Thursday, 2 May 2013

Book Review: The Goddess Test by Aimee Carter

Book: The Goddess Test (Goddess Test #1) by Aimee Carter, 2011 by Harlequin Teen, 293 pages.

Purchase: Amazon | The Book Depository

Synopsis from Goodreads:
Every girl who had taken the test has died.
Now it's Kate's turn.
It's always been just Kate and her mom - and her mother is dying. Her last wish? To move back to her childhood home. So Kate's going to start at a new school with no friends, no other family and the fear that her mother won't live past the fall.
Then she meets Henry. Dark. Tortured. And mesmerizing. He claims to be Hades, god of the Underworld - and if she accepts his bargain, he'll keep her mother alive while Kate tries to pass seven tests.
Kate is sure he's crazy - until she sees him bring a girl back from the dead. Now saving her mother seems crazily possible. If she succeeds, she'll become Henry's future bride and a goddess.
If she fails...

My Thoughts:
I have a huge passion for Greek mythology, so was excited to read this book, though I put it off for a long time. Now having read it, I'm torn.

Kate and her fatally ill mother move to Eden where Kate meets Henry, a mysterious, dark stranger - and who says that he is Hades, the Greek god of the underworld. She makes a deal with him, to live with him and try to pass some mysterious tests, and he will keep her mother alive.

I loved the mythological aspect of this book. Carter does a great job combining the traditional myths with a modern story - she plays with it in a fun way. This was, by far, my favorite part of the story.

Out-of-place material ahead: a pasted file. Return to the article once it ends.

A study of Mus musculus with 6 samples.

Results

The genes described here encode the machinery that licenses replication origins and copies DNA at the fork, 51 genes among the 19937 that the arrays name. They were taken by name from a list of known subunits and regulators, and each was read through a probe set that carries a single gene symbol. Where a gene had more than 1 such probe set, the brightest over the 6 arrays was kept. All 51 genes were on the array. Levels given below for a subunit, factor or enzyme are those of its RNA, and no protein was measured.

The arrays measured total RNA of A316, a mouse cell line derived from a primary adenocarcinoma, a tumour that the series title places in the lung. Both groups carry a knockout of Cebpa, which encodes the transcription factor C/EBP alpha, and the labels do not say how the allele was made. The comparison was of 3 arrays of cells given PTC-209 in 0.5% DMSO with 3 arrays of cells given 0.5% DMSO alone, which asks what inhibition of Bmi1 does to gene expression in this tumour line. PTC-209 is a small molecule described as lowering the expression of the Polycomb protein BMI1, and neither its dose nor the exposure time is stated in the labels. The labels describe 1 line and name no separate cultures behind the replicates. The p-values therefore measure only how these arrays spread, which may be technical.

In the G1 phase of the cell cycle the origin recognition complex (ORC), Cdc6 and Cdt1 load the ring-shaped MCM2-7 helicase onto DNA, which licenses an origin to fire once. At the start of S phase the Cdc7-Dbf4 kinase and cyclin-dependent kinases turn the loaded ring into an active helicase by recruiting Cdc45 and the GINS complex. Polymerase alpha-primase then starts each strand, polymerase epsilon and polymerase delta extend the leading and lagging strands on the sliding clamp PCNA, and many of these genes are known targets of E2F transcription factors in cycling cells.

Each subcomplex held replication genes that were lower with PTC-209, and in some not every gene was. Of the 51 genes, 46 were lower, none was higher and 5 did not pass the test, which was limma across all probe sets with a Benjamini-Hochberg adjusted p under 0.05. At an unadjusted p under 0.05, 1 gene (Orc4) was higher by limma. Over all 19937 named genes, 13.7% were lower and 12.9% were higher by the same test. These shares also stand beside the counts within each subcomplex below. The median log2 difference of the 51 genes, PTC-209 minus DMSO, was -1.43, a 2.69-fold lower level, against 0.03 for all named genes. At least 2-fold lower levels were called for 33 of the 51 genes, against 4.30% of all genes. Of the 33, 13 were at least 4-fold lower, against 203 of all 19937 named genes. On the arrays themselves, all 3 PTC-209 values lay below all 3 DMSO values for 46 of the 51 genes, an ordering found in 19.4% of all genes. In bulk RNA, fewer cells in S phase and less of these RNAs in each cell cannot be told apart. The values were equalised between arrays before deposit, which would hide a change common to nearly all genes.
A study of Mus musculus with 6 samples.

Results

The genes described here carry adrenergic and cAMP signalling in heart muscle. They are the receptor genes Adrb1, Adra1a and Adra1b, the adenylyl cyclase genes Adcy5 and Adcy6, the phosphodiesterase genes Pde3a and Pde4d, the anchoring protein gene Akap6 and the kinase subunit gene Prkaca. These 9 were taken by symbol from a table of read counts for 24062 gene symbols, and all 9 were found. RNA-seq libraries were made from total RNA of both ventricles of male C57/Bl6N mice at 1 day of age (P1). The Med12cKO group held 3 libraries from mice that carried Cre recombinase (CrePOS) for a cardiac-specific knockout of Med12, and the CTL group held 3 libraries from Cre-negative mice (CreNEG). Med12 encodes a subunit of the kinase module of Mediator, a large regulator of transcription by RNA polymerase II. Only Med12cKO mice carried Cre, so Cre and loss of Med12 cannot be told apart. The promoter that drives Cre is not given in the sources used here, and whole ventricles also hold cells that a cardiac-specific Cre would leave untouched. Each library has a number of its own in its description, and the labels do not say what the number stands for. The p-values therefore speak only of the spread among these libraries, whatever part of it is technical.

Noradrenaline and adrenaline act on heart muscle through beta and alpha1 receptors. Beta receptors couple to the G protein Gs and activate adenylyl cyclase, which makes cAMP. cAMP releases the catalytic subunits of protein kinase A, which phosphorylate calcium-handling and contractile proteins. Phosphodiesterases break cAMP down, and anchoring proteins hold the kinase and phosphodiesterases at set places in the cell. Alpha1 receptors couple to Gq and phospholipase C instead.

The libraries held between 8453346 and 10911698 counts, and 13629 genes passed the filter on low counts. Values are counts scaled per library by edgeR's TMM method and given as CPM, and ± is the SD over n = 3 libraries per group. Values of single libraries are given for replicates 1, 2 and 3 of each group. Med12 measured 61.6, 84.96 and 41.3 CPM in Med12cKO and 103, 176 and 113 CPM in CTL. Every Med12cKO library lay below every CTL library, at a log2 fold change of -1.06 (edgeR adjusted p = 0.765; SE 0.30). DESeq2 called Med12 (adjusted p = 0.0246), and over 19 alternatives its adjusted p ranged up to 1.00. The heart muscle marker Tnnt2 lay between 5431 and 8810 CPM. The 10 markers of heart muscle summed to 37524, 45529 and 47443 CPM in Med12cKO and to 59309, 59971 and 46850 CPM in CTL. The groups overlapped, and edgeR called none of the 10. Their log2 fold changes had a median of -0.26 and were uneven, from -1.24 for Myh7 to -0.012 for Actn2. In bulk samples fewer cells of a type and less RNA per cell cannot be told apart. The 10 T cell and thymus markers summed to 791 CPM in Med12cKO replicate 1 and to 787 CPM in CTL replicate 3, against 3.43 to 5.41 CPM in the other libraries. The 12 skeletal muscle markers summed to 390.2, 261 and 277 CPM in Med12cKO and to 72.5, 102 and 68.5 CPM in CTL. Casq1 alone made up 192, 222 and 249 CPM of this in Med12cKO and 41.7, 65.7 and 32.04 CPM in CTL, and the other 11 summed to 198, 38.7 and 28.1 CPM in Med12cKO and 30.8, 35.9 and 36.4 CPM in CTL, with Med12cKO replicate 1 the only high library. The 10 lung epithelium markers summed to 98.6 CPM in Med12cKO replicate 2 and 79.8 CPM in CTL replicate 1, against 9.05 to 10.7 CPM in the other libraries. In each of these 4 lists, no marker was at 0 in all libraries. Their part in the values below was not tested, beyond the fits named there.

The story of Kate and her tests left me wanting. I liked Kate well enough and felt for her, but her time on Henry's estate felt flat. She spent a lot of time whining about her cloths and I couldn't understand how the future queen of the underworld didn't have any say in what she wore.

Then there were the tests - Kate was told at one point that she had passed one, but wasn't even curious what it was. Then the other tests all kind of occurred in an obscure way. I actually felt cheated because there was a loss of conflict. The anticipation was set up, but not fulfilled.

I did like Henry. He is sad and brooding, dark and mysterious, but also powerful and kind.

All in all, it was a book I was able to tear through quickly and I am curious enough to wonder what will happen next, so will definitely look up the next in the series.


  1. I liked Henry too and how the mythology felt natural and not forced in the series.
    Brandi @ Blkosiner’s Book Blog

  2. Sometimes I have a hard time reading books that feature mythology. I don't know why - unless the blurb grabs me by the eyelashes hehe then I don't usually pick them up.